Mike Adelberg headshotAn Under-Appreciated Truth – Consumer Protections in Dental Plans Are Increasing

By Mike Adelberg, NADP Executive Director

July 20, 2023

We’ve all been guilty of it at some point. Someone we know tells us something as if it is a fact, and we repeat the non-fact as if it is a fact without verification. And, so it goes until the non-fact lodges as fact in the conventional wisdom.

Even before joining NADP last November, I had heard that consumer protections in dental benefits are not improving even as dental premiums rise yearly. As NADP’s Executive Director, I have quietly listened to presenters repeat these non-facts. Thanks to the excellent work of NADP’s Research Commission and NADP’s Research Director, Jerry Berggren, I’ve seen data that bust these twin myths.

  • FACT 1: Dental plan annual maximums are increasingly generous. In 2017, 5% of dental PPOs had annual maximums of $2500 or more; in 2021, 18% of PPOs had annual maximums of $2500 or more. (Based on data from employer group market PPOs, which comprise roughly 90% of this market.)
  • FACT 2: Dental plan premiums have held steady. Between 2017 and 2021, employer group dental plan premiums rose less than 1% per year, on average, and only once more than 2%. This is less than half the nation’s inflation rate and compares favorably to medical plan premiums that rose 3.1 – 4.2% in these same years. (Based on data from employer group market PPOs.)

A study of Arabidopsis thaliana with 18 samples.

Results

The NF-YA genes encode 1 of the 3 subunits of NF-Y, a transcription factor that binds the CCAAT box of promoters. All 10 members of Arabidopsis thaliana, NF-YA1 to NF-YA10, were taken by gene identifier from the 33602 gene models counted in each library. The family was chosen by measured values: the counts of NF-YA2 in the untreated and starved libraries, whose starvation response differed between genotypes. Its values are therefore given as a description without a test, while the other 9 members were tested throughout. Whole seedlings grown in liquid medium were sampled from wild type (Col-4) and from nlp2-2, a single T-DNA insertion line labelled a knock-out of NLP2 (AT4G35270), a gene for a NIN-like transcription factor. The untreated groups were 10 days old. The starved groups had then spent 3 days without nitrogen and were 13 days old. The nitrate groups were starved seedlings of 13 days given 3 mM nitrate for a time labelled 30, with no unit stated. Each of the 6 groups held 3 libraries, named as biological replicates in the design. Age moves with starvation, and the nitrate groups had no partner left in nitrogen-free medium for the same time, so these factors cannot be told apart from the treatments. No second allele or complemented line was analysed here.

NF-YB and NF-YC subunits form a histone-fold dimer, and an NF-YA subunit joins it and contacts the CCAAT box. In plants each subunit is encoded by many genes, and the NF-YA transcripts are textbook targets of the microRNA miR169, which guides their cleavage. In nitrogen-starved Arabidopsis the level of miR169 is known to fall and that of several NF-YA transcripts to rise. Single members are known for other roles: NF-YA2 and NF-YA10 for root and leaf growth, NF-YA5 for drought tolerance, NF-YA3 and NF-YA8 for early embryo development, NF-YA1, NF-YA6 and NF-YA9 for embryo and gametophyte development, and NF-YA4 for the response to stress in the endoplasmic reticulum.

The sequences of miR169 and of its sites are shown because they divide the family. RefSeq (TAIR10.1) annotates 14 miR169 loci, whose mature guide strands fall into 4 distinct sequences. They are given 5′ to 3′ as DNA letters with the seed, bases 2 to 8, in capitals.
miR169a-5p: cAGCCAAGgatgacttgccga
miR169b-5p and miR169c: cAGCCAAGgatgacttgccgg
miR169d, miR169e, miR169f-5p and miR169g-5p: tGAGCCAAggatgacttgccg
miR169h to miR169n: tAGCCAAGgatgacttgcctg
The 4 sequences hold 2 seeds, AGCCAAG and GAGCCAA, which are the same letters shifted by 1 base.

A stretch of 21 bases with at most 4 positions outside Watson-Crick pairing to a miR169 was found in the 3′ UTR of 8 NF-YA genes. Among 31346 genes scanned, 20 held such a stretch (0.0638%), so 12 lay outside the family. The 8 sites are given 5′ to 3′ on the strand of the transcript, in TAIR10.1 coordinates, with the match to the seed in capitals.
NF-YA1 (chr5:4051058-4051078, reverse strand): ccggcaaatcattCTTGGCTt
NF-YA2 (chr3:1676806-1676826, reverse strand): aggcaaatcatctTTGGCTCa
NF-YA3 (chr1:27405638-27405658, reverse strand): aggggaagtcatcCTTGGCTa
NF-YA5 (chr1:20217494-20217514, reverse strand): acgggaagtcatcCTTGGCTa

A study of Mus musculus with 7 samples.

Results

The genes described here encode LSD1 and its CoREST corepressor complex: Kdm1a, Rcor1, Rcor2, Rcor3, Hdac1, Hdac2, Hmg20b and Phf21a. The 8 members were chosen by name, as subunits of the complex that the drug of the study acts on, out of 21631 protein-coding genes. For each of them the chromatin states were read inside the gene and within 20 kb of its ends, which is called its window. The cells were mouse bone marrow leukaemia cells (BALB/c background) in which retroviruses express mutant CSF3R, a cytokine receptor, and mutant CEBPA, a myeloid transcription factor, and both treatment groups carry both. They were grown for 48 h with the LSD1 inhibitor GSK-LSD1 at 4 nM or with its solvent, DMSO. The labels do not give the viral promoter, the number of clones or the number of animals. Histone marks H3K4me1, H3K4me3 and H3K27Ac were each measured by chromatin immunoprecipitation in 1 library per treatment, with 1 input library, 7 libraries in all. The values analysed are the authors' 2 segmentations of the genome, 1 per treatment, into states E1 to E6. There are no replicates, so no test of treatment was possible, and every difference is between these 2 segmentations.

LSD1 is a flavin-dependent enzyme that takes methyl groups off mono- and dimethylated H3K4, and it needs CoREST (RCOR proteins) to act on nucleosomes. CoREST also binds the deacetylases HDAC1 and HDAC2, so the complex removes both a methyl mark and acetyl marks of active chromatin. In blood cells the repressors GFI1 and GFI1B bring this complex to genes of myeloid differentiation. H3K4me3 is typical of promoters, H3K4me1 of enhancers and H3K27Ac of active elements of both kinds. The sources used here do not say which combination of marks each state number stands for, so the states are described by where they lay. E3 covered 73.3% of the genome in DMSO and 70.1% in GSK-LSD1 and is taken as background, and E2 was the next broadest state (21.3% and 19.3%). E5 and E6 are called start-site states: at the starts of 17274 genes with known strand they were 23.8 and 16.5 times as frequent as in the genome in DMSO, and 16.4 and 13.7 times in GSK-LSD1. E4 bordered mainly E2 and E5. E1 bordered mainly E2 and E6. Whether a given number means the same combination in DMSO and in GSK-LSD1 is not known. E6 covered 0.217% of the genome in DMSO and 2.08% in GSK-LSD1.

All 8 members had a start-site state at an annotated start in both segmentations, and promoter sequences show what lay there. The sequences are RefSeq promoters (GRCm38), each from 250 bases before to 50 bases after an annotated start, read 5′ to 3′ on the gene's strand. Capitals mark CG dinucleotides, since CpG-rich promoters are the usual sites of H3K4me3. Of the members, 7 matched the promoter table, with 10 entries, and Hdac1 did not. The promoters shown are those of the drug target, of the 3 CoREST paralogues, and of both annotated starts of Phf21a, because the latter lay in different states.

• FACT 3: Dental plan deductibles are shrinking. In 2017, 22% of plans had low deductibles (under $50); in 2021, this number rose to 41%. (Based on data from employer group market PPOs.)
  • FACT 4: Dental plans are innovating. Many dental plans now 1.) reward members for using preventive dental care; and 2.) roll over part of a member’s unused annual benefit into the next benefit year (in effect, increasing the annual maximum).

A related non-fact is that dental plans oppose offering plans with more generous benefit structures, such as plans with no Annual Maximums. Many dental plans already offer products with no Annual Maximum, and more will do so as more employers show interest in these more expensive products. In the same way, a car company charges more for an SUV than an economy car, dental plans must charge employers more for plans with no Annual Maximums. Like a car company, a dental plan sells the products that its customers want to buy.

A question worth asking is whether dental plans can continue to offer employers and consumers increasingly better products without significantly raising premiums. Many things need to be discovered to this question. Still, powerful competition in the dental market (most states have more than 25 companies competing for dental plan business) suggests continued innovations as long as major external events do not shock the dental benefits market.

An arbitrary medical loss ratio in Massachusetts threatens dental market stability and the impressive facts listed above. I worry that consumers in Massachusetts will be hurt on January 1 when the new medical loss ratio takes effect. NADP will be watching events in Massachusetts closely, and we urge legislators and policymakers nationwide to do the same.